Established 1874.

The Oberlin Review

Established 1874.

The Oberlin Review

Established 1874.

The Oberlin Review

Students Foster Self-Care Through Small Businesses

Ellis Liebeskind-Blaufarb
Ellis Liebeskind-Blaufarb makes and sells jewelry.

Finding ways to make money and practice self-care isn’t a daunting task for some students. In fact, for three students who run small businesses, self-providing and self-care go hand in hand. 

College third-year Skye Slade primarily creates necklaces and earrings that incorporate a handful of different bead types and use wire to stay together. They have gotten busy with school work over the past semester, but plan to pick up their business again next semester.

“I saw videos of [jewelry making] on Instagram [during] my [first] year,” Slade said. “I just decided [that], over the summer, I was going to buy all the stuff I needed to start doing it just to keep myself busy.”

What began as a simple hobby to keep themselves busy evolved into an Instagram account where they sell their artwork. Additionally, they have sold at the Maker’s Market and recommend that other artists sell there as well. 

“I really like the creativity aspect of it,” Slade said. “I like looking for fun beads and learning how to do new types of wirework.”

College third-year Ellis Liebeskind-Blaufarb, who debuted their jewelry at the Maker’s Market, noted its popularity.

“I was really surprised by how well it sold, and it inspired me to keep making better stuff,” Liebeskind-Blaufarb said.

They noted their amateurism at the beginning of their jewelry-making career and wished to communicate to anyone looking to begin that it’s okay to ask for assistance when starting to make jewelry. 

“When I started, I was horrible at making jewelry, and it was really janky, but I’m really glad I stuck with it,” Liebeskind-Blaufarb said. “It was just really helpful to ask for help and admit weakness. I feel like people don’t do that a lot at Oberlin. Everyone’s perfect at everything, which is not true.”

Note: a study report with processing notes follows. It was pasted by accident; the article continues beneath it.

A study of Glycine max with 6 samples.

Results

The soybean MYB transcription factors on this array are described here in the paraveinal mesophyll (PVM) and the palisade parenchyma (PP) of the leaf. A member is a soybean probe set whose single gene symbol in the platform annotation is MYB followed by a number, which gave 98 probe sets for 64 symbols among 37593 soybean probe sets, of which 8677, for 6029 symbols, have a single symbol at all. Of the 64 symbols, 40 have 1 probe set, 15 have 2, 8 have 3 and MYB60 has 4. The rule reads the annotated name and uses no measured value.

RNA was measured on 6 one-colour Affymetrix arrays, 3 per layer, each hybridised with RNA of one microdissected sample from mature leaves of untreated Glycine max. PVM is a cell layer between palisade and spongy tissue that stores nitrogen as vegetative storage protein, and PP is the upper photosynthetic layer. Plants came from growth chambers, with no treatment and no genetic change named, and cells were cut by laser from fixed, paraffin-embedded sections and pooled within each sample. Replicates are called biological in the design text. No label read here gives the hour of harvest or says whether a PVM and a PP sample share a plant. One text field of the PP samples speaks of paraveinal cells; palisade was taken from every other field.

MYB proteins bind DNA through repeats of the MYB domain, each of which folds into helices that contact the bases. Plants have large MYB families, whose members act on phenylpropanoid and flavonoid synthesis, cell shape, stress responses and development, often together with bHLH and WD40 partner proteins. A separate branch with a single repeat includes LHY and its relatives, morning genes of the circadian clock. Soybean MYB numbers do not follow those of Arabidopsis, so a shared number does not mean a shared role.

Liebeskind-Blaufarb sees jewelry making as another form of self-care.

“Instead of watching a show in bed, I’ll watch a show and make jewelry,”Liebeskind-Blaufarb said. “It’s a form of relaxing that feels more productive to me, because I hate just laying in bed.”

College third-year Lily Baeza-Rangel’s business is less focused on creative crafting, but she shares some sentiments of other students who run small businesses. Similar to Liebeskind-Blaufarb, she finds her business to be a form of self-care, but she also blends this with her love of making people feel good about themselves. She provides waxing services out of her dorm room in Zechiel House for friends and friends of friends. 

Baeza-Rangel started the business — almost unintentionally because it began as part of her own self-care routine — in her second year. 

“A lot of people who want to get waxed [at salons outside of Oberlin] have to pay for the drive there and for the services, which in a big salon are more expensive [than mine], so I think I’m able to provide that service at an affordable price,” Baeza-Rangel said. “I really like providing that service and making people feel good about themselves.”

Baeza-Rangel is open for business on Fridays and Saturdays, and she works three other jobs in addition to her waxing job.

“It’s a win-win,” Baeza-Rangel said. “I see it as a form of therapy; it gets my mind off of school. I [also] like making people feel good about themselves. So the more hours I do it, the better it is for me.”